Alzheimer’s disease (AD) is an irreversible neurodegenerative disease of old age.  The main pathological features of AD, Aβ-amyloid plaques,intraneuronal neurofibrillary tangles (NFT) and neurodegeneration of cholinergic neurons are the primary characteristics. It is believed that the pathological changes in cholinergic neurotransmission are responsible for the early clinical signs of AD such as the loss of short term memory, orientation, judgment and cognition.

Therapeutic Approaches to Cholinergic Deficits and Cognitive Decline:

Compounds that improve cholinergic functioning, e.g. acetylcholinesterase inhibitors (AChE-I), ameliorate the cognitive deficits in patients suffering from AD. However, AChE-I only provide suboptimal palliative treatment. Currently, the most widely used AChE-I is Aricept. The positive impact on other behavioral impairments that represent a major factor increasing the care burden is rather low. Therefore, more efficacious drugs are urgently needed to improve the treatment of AD patients in order to reduce the high and growing direct (loss of patient health) and indirect (caregiver) costs.

Nicotine enhances cognitive functions, such as learning, memory, and retention through activation of brain nicotinic acetylcholine receptors (nAChRs). The most common nicotinic receptors found in the brain are the low affinity a 7-nAChR and the high affinity a 4b2-nAChR. a 7– and a 4b2-nAChR agonists possess cognitive-enhancing properties. The ß2-subunit but not the a7-nAChRs mediates the addictive properties and some of the side-effects of nicotine. a 7-nAChRs are located in brain areas important for cognition. Selective activation of a 7-nAChRs may thus alleviate the cholinergic deficit present in AD without the undesirable side-effects caused by overactivation of other nAChRs or muscarinic acetylcholine receptors involved in addiction, cardiovascular or gastrointestinal functions. These side effects limit the doses of AChE-I tolerated and thus the level of cholinergic activation mediated by these compounds. Similarly nicotinic agonists without selective actions on a 7-nAChRs have been associated with dose limiting side effects. Various studies have reported modest reductions or no changes of a 7-nAChR levels in AD brain. a 7-nAChR agonists should therefore still active in the later stages of the disease, when cholinergic neurons have died and AChE-I loose their therapeutic efficacy. Like AChE-I such as donepezil (Aricept), selective a 7-nAChR agonists are expected to improve both acquisition and retention processes. In addition, a 7-nAChR agonists may have beneficial effects on other behavioral parameters, such as the psychiatric status of AD and other patients with hallucinations, anxiety or disturbed circadian rhythms.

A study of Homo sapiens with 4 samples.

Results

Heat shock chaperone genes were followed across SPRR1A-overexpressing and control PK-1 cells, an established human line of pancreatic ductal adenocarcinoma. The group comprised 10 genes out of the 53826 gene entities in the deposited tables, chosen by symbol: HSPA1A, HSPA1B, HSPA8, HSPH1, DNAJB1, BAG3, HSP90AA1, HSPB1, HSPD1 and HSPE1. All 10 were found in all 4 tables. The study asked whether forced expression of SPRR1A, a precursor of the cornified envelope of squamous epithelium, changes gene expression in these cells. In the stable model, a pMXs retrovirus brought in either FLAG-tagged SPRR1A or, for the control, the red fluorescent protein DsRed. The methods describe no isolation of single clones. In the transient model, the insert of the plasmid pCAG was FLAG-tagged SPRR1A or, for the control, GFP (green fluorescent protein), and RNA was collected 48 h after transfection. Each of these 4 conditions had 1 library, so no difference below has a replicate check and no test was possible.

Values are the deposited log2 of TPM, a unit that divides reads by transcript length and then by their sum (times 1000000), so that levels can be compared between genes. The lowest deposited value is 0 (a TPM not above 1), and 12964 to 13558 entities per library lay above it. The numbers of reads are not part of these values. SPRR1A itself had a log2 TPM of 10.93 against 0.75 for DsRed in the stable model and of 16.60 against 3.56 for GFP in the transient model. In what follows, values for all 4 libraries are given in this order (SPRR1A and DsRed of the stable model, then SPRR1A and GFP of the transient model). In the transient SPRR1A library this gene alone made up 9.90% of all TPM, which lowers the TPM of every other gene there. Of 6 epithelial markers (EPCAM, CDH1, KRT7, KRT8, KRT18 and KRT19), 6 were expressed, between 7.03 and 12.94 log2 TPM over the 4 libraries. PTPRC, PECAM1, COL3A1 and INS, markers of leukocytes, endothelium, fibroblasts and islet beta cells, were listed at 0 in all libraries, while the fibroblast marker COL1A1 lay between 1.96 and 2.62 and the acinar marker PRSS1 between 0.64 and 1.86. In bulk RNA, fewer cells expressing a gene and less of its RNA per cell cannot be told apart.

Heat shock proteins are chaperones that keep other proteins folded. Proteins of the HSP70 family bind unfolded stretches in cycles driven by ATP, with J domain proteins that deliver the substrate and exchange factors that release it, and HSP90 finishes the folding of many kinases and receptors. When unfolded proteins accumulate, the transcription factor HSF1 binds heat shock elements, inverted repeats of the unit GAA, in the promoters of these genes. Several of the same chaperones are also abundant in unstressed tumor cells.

EnVivo’s Cholinergic Nicotinic Agonist Program

The program was in-licensed from Bayer Healthcare and included an extensive and exclusive patent estate surrounding the compounds’ composition-of-matter.

EnVivo is developing a robust program of selective, orally active alpha-7 nicotinic acetylcholine receptor agonists for treatment of the cognitive decline in Alzheimer’s disease. Optimization of these compounds is based not only on binding to the alpha-7 receptor but also on functional channel activity. The program is expected to enter the clinic for Alzehimer’s disease in the second half of 2006. It is anticipated that these compounds may also have efficacy in other conditions with cognitive deficits such as schizophrenia.